Screen time doesn’t cause ADHD – teachers need to reframe their understanding

Screen-time and ADHD

By: Dr Karl Sebire – Advisory ADHD Australia Board Member, Director of Research & Practice at Mentone Girls’ Grammar, sessional lecturer at University of Melbourne, Faculty of Education.

In exploring my PhD research ‘Learning in the Age of Distraction’ that focuses on adolescent attention spans and in my work as an educator, I regularly come across misconceptions about ADHD.

In today’s ‘attention economy’, there are so many devices, apps and notifications that are competing for and pulling away our focus. This can impact the ability for adults, adolescents and children alike to get back on track and return to the task at hand.

But we must not conflate this experience or create a correlation of screen time with ADHD, a neurodevelopmental disorder that impacts executive functioning.

The challenges of ADHD go far beyond the pinging of messages or the endless scrolling that can tie a person to their device for an inordinate amount of time.

ADHD students are trying their hardest while fighting an internal battle to stay focused in the classroom, complete their homework and keep up with their peers.

Pervasive myths dismiss the real challenges facing students, such as labeling ADHD as ‘an excuse for bad behaviour’. This creates a barrier for ADHD students to access the right supports and structures they need to learn and achieve.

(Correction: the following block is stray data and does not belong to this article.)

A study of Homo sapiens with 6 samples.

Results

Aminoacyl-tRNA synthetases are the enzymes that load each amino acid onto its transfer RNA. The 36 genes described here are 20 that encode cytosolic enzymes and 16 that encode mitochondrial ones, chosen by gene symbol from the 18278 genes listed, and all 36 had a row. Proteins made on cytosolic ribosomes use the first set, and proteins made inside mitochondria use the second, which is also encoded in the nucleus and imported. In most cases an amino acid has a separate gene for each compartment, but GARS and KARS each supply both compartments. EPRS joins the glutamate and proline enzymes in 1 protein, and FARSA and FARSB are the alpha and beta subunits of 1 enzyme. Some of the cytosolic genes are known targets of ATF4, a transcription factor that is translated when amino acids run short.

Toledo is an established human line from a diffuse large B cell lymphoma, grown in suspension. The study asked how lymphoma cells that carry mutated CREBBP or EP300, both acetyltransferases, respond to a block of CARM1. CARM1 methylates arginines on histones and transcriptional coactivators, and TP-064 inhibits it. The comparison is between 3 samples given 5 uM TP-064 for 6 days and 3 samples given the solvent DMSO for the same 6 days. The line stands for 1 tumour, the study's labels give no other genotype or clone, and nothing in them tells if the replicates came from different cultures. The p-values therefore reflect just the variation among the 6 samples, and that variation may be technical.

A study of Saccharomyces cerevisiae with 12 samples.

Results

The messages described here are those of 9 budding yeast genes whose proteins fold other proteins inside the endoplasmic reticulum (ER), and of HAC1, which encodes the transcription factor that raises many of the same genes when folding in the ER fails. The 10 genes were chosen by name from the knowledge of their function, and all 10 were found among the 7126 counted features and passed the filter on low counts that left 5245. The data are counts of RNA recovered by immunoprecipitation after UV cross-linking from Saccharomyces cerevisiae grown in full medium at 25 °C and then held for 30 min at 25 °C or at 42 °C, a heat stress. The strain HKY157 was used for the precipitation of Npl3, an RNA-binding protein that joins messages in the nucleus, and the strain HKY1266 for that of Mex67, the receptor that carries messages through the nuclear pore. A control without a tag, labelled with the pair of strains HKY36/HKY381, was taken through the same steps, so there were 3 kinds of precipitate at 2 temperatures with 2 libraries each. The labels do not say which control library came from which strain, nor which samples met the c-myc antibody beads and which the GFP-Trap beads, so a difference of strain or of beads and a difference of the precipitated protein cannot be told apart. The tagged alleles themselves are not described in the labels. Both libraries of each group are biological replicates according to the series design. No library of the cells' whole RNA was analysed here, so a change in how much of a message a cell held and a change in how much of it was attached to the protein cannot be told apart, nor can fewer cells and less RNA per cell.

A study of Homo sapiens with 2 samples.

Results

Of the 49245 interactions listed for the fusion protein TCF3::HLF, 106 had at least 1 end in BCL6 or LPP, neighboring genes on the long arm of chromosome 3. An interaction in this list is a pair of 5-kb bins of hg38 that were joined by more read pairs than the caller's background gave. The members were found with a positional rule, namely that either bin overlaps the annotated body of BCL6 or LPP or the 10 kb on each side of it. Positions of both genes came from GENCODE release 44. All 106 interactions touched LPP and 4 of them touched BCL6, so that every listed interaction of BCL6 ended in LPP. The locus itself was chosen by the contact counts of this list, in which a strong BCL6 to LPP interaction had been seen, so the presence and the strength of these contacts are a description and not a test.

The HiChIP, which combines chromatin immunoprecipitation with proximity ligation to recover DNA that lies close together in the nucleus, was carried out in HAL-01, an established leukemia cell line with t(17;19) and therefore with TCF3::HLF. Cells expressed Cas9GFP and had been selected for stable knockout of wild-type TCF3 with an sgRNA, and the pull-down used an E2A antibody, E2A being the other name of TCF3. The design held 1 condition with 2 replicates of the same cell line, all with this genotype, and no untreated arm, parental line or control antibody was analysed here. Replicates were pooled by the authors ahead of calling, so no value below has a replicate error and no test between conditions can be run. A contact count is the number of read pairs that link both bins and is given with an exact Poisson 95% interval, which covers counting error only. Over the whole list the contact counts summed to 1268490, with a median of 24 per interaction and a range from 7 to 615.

In 2010, psychiatrist Michael S. Jellinek estimated that ADHD children receive 20,000 more negative messages about their behaviour than a neurotypical child by age 12. This regular criticism can have a profound effect on their learning and development.

To support your ADHD learners, teachers can start by reframing how they see students’ behaviour to better understand them:

  • interpret forgetfulness as them being deeply engrossed in their personal thoughts
  • view distractibility as heightened sensitivity and perceptiveness
  • consider the tendency to veer off-topic as an expression of creativity and autonomy
  • see interruptions as demonstrating their eagerness to participate
  • perceive a student’s seeming self-centeredness as dedication to achieving their goals
  • see a student’s restlessness as a sign of energy and enthusiasm
  • if they submit untidy or late homework, you can appreciate the effort they made despite their challenges.

Teachers can foster positive behaviours by celebrating their ADHD students’ achievements and contributions, while looking past their ‘less desirable’ behaviours.

I understand that teaching is an increasingly challenging profession. Teachers need to keep the focus of a room full of learners with diverse needs. It is no mean feat.

That is why professional development training is essential to equip teachers with a toolkit of strategies, interventions, and skills to meet the needs of their ADHD students.

For example, OnLineTraining Australia provide evidence-based training courses for schools and individual education professionals to improve learning outcomes for students with ADHD, Autism, Dyslexia and other disability needs.

By upskilling our teachers who are charged with educating the next generation, we can ensure classrooms are dynamic and safe space that address the needs of all students.